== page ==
Although an agent isn't the definitive answer to finding work, it will certainly help. Here are a few useful avenues to try:

1. If you have friends, acquaintances, or classmates that are already represented by an agent ask if they think it might be appropriate to pass your headshot, resume and/or video reel on to their representative.

2. If you do not have colleagues with connections to any talent agency, try getting involved in a theatre group or showcase that does have folks with representation. Those agents will often go to shows to see their clients and will be able to see you in the process.

3. Share any professional quality videos of your work on social media. You never know who may be trolling the internet looking for the next big star.

4. Take advantage of the acting networks that introduce you to agents and casting directors: i.e Actors Connections, One on One, Mandy, etc. These networking services charge fees for meeting these professionals. Make sure that you spend your time and money wisely be choosing to meet the industry professionals that you think are most likely to advance your career.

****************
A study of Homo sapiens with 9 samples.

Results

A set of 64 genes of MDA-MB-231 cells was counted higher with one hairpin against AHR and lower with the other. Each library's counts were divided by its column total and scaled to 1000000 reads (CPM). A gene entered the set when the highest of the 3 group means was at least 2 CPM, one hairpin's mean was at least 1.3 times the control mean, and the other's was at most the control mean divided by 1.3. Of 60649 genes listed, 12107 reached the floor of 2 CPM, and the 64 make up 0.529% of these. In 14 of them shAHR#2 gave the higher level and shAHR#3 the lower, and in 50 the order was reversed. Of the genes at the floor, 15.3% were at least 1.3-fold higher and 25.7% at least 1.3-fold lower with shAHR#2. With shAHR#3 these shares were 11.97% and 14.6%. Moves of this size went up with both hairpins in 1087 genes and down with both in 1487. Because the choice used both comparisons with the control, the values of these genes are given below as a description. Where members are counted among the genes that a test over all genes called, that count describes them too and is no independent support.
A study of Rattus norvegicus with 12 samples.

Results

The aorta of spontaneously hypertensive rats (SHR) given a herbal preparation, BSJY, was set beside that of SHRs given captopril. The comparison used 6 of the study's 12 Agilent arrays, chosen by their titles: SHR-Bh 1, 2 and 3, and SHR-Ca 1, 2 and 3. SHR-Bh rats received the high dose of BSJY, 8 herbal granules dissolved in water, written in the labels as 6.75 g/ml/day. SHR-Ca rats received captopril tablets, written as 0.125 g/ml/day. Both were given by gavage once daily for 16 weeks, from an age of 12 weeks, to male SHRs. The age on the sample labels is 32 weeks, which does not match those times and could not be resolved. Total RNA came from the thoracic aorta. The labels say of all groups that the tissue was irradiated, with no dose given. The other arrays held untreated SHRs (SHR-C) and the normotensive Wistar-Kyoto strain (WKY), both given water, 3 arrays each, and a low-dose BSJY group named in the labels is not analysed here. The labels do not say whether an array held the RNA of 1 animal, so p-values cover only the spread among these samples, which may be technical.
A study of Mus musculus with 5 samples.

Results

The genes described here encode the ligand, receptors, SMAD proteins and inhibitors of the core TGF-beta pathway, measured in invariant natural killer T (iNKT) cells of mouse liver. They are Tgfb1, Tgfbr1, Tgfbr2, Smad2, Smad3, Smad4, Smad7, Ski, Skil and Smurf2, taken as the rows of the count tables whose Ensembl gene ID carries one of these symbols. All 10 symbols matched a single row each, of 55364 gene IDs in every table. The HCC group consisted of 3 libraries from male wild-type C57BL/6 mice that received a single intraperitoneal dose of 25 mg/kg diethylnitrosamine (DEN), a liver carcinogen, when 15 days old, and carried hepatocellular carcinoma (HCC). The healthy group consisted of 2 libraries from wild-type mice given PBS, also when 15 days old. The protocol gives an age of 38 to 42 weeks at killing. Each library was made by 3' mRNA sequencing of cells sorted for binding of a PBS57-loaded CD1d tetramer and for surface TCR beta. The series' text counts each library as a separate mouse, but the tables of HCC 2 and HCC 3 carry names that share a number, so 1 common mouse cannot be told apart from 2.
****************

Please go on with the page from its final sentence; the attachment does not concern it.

5. Get involved in any acting training program that culminates in a showcase that invites, agents, managers, and casting directors to see your work upon graduation from the program. That can be either as a member of a graduate degree program or as a member of a local acting studio/school.

6. Take work wherever you can get it and invite agents to see it. They will often refuse. Do not let that discourage you. As long as your work is out there someone will see it and word of mouth of your good work might just trickle its way down to the right agent for you.